Cara Therapeutics Inc. (NASDAQ:CARA) and its partner Fresenius Medical Care AG & Co. (NYSE:FMS) are about as different as night and day. Cara is a clinical-stage biotech with no steady revenue yet. Fresenius is a dialysis services giant that has made nearly $20 billion over the last 12 months. But while Fresenius' share price has fallen slightly so far in 2018, Cara stock has soared nearly 70%.

Which of these stocks is the better buy for investors now, though? Here's how Cara Therapeutics and Fresenius Medical Care stack up against each other. 

Man with hands on hips looking at arrows on a wall pointing left and right.

Image source: Getty Images.

The case for Cara Therapeutics

I think there are three key reasons why buying Cara Therapeutics stock makes sense. The most important reason is the prospects for the biotech's lead candidate, Korsuva. The drug is currently being evaluated in two late-stage clinical studies for treating chronic kidney disease-associated pruritus (CKD-aP) in patients on hemodialysis. 

CKD-aP affects around 60% of dialysis patients, but there is no approved treatment in the U.S. or in Europe. That means the market should be wide open for Cara if Korsuva is successful in its phase 3 studies. We'll know if success has been achieved when the company reports results from the studies next year. Based on previous studies, I'm cautiously optimistic.

The second reason Cara looks like a good stock to buy is its partnership with Vifor Fresenius Medical Care Renal Pharma, a joint venture between Swiss drugmaker Vifor Pharma Group and Fresenius. Aside from some nice financial aspects to the deal for Cara, what I really like about its relationship with the joint venture is that Fresenius intends to promote Korsuva in all of its dialysis clinics in the U.S. assuming the drug wins approval.

Then there's my third argument in favor of Cara -- the potential for the biotech to move into additional markets. An intravenous version of Korsuva (known as CR-845) performed well in a phase 2/3 study for the management of pain in patients undergoing abdominal surgery. Cara is exploring the use of Korsuva in treating chronic liver disease-associated pruritus (CLD-aP). There's also a big opportunity for the drug in treating CKD-aP in patients who aren't yet on dialysis.

The case for Fresenius Medical Care

Although Fresenius Medical Care is much larger than Cara, in my view the rationale for buying the stock is simpler. In a nutshell, the main reason to buy Fresenius is that demand should increase for kidney dialysis services and the company is the top provider of those services.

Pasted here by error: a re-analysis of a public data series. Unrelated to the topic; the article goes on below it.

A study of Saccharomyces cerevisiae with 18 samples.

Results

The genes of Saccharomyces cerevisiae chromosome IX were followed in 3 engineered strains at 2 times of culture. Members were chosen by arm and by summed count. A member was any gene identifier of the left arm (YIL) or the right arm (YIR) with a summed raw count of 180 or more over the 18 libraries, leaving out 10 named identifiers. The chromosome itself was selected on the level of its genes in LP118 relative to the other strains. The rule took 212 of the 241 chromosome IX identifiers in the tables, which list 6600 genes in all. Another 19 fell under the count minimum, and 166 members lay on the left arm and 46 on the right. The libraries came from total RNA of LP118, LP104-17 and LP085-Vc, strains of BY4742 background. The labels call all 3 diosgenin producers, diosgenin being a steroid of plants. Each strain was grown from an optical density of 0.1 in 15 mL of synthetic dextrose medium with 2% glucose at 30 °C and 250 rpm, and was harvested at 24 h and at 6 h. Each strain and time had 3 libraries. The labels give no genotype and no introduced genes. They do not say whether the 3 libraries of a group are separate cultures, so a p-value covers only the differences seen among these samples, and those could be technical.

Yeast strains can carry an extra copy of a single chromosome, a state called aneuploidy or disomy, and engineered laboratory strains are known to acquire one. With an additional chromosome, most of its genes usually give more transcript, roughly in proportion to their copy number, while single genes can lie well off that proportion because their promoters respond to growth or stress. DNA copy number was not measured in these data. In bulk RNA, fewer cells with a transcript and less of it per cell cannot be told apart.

Why will demand for kidney dialysis services increase? It comes down to demographics. Older individuals are more likely to require dialysis. The baby boomer generation is increasing the ranks of potential dialysis patients. Fresenius projects a 6% global compound annual growth rate (CAGR) for dialysis patients through 2025.

Fresenius and its main rival, DaVita, pretty much enjoy a duopoly in the U.S. dialysis market. But Fresenius is the leader with around 2,400 U.S. clinics. The company also has over 1,360 clinics in other countries throughout the world. If demand for dialysis services increase, you can bet that Fresenius will profit from it. 

I think that Fresenius has an opportunity to extend its lead even further with its pending acquisition of NxStage Medical. NxStage makes home hemodialysis machines. Fresenius thinks that it can achieve significant growth by expanding more into the home dialysis market. 

Better buy

Is Cara Therapeutics the better stock to buy or is Fresenius Medical Care? The answer, in my opinion, is: "It depends."

If you're a more cautious investor, Fresenius is definitely more up your alley. The company has a solid business model, steady revenue, and pretty good growth prospects. Fresenius also pays a modest dividend that currently yields 1.26%.

On the other hand, if you're an aggressive investor, there's a lot to like about Cara. Positive results for Korsuva should send this biotech stock much higher. However, Cara stock is considerably riskier than Fresenius due to the possibility that clinical studies for Korsuva won't be successful.

I lean more toward the aggressive style of investing, so my pick between these two partners is Cara Therapeutics. I like the chances for Korsuva in CKD-aP and expect the company will have a good shot at success in CLD-aP as well. 

Keith Speights has no position in any of the stocks mentioned. The Motley Fool recommends NxStage Medical. The Motley Fool has a disclosure policy.